KALW is a public radio station based in San Francisco, California. Its FM radio broadcast signal is broadcast over the immediate San Francisco Bay Area at 91.7 MHz, and is webcast with live streaming audio.
KALW's license is held by the San Francisco Unified School District (SFUSD). The station is an independently operated National Public Radio affiliate, carrying content from NPR, American Public Media, Public Radio International and the BBC World Service. In addition, KALW produces its own local news, music and interview shows, including the live weekday call-in program, Your Call, the evening news magazine, Crosscurrents, and the weekly two-hour live variety program, West Coast Live!, broadcast each Saturday morning. As KALW is affiliated with the San Francisco Unified School District, it also carries broadcasts of the monthly SFUSD Board meetings and daily listings of school lunch menus, with said menus occasionally read by celebrities who have come to the station for interview shows. The KALW studios are located at Phillip and Sala Burton Academic High School off Mansell Avenue in the City.
KALW is the oldest FM station west of the Mississippi, having launched as an experimental station for a demonstration exhibit by owner General Electric at San Francisco's world's fair at Treasure Island in 1939–40. The license was transferred to the SFUSD at the close of the fair. KALW originally operated on 42.1 MHz in the old FM band, which was reassigned to police and fire departments after World War II.
KALW's original transmitter was a modified GE medical diathermy machine. While the original transmitter had not been used since the switch to the modern FM band in the late 1940s, it was still located at John O'Connell Technical High School until the school was demolished in the mid-1990s. The station's current transmitter tower is on Twin Peaks.
KALW was instrumental in helping KQED television sign on the air in 1954 as one of the first Non-commercial educational television stations in the country, by providing technical training, studio space, and engineering advice to the KQED founding staff.
KALW provided Chinese language simulcasts of KGO-TV newscasts in the 1970s, before local Asian language newscasts became established.
During the 1970s and 80s KALW also aired live coverage of SFUSD sporting events, the last such regular live coverage of high school sports in San Francisco broadcasting.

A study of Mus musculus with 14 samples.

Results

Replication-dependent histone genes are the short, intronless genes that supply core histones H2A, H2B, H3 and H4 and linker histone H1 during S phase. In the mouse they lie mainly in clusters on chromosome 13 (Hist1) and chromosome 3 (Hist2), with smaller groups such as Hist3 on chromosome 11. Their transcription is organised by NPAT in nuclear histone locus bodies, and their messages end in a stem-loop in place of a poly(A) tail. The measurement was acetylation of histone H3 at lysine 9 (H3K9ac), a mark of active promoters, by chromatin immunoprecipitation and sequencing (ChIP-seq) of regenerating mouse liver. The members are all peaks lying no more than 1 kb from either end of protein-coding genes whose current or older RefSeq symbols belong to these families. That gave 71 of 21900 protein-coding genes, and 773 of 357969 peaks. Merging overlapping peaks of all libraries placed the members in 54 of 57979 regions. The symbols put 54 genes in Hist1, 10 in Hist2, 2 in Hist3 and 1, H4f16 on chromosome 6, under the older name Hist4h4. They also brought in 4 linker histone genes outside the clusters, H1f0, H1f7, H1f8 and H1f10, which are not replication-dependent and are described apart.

In 1997 a group of full and part-time KALW employees filed a petition with the Federal Communications Commission to deny the renewal of KALW’s broadcast license, alleging that station management had covered up violations of hiring rules and had lied about required record keeping. The case was inactive for several years and according to KALW's website the group that filed the petition, known as Golden Gate Public Radio, went defunct.
In July 2004, the FCC resurrected the case. While it issued only a warning to KALW about employment practices, more significantly, the FCC decided that allegations of lying were supported by sufficient evidence to warrant hearings. The hearings concluded in June 2005.
FCC Chief Administrative Law Judge Richard Sippel ruled in April 2006 to grant a two-year license renewal for KALW while reducing a fine for public file violations from $300,000 to just $10,000. In its defense to the FCC, KALW management showed evidence of its meritorious service to the community. The school district also argued for a hardship case, saying it was incapable of paying the $10,000 fine. (For instance, local school programs for children had recently been cut from the district's budget.) The judge disagreed with that assertion, however, and the SFUSD was given two years to pay the fine.
In late October 2006, KALW suffered an antenna malfunction. The station continued to broadcast at only three percent of normal power, causing many listeners to think the station had ceased broadcasting, although the audio stream was still available via the website. KQED allowed KALW the use of their backup transmitter on San Bruno Mountain during the repair process.
On November 2, 2006, station general manager Matt Martin posted an update on the station's website explaining the problem where he went on to express his appreciation to those who assisted with technical support from fellow public broadcaster KQED-FM.